U.S. stock benchmarks on Monday closed sharply, with all three indexes posting their worst daily losses in months, amid growing worries about the economic implications of a rising death tolls and growing infections from a fast-moving virus in China.
How did benchmarks perform?
The Dow Jones Industrial Average /zigman2/quotes/210598065/realtime DJIA -1.75% slid 453.93 points, or 1.6%, to 28,535.80, following an intraday nadir at 28,440.47, while those for the S&P 500 index /zigman2/quotes/210599714/realtime SPX -2.45% slid 51.84 points, or 1.6%, to 3,243.63, with a Monday low at 3,234.50. The Nasdaq Composite Index /zigman2/quotes/210598365/realtime COMP -3.52% shed 175.60 points, or 1.9%, to reach 9,139.31, after hitting a low at 9,088.04.
For the Dow and S&P 500, the daily decline represented the worst daily drops since Oct. 2, and the sharpest daily decline for the Nasdaq Composite since Aug, 23, according to Dow Jones Market Data.
The Dow has now fallen for five straight days, representing its longest losing streak since August.
Worries about the spread of the China virus drove stocks to their lowest levels in over a week on Friday. Last week, the Dow lost 1.2%, while the S&P 500 gave back 1% and the Nasdaq fell 0.8%.
What’s drove the market?
The coronavirus injected Wall Street investors with fresh worries after China extended this week’s Lunar New Year holiday and took more drastic measures to halt the spread of the illness.
As of Monday, the death count rose to more than 80, and the number of those infected neared 3,000 confirmed cases, according to reports. In the U.S., at least 110 people were identified as under investigation for the virus, according to the Centers for Disease Control and Prevention, while a handful of infections were reported in other countries, such as France and Japan.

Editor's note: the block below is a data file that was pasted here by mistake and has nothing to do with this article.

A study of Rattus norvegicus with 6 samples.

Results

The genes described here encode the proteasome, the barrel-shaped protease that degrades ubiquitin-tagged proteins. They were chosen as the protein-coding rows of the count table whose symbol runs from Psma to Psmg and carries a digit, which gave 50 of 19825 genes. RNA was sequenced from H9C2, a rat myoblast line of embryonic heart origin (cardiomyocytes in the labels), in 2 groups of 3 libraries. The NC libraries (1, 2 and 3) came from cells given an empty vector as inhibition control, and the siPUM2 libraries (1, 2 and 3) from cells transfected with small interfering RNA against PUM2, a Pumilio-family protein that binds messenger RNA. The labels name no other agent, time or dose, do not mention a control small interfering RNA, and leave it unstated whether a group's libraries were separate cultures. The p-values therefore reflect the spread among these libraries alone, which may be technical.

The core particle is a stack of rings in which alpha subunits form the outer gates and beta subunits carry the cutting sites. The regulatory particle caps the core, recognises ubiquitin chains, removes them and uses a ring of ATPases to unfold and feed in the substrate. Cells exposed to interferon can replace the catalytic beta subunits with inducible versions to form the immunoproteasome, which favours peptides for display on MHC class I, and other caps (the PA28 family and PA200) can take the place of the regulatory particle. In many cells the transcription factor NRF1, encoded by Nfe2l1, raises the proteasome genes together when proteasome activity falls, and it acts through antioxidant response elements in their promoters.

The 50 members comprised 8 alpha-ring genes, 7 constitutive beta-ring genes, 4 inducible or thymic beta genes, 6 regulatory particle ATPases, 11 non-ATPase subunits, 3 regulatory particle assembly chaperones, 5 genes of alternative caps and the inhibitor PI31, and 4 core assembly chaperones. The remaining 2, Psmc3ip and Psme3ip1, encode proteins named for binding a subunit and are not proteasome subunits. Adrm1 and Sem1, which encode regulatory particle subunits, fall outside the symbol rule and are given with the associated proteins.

Questions were being raised over the effectiveness of the quarantine on places like Wuhan, China, believed to be the epicenter of the virus. U.S. President Donald Trump on Monday offered China “any help” needed to help control a coronavirus outbreak.
Wuhan’s mayor Zhou Xianwang said that 5 million of the city’s 11 million people had left the city before the travel ban was imposed. As well, reports that the virus may be infectious during its roughly 14-day incubation period may make containment more challenging.
Concerns have been growing about the potential impact of the virus on China’s economy, which is set to slow to around 5.7% in 2021 from 6.1% last year, down from its near double-digit growth when the severe acute respiratory syndrome, or SARS, hit in 2002-03, according to data from the International Monetary Fund .
Some analysts make the case that fears over the coronavirus could provide investors with a catalyst to sell after a torrid 2019 rally.
“We’re being told the market is selling off because of the coronavirus. I think there is a little bit more to it than that,” Robert Pavlik, chief market strategist at SlateStone Wealth. “I think it’s people looking for a reason to take some short-term profits,” he told MarketWatch. “I think this is going to turn out to be an overreaction.”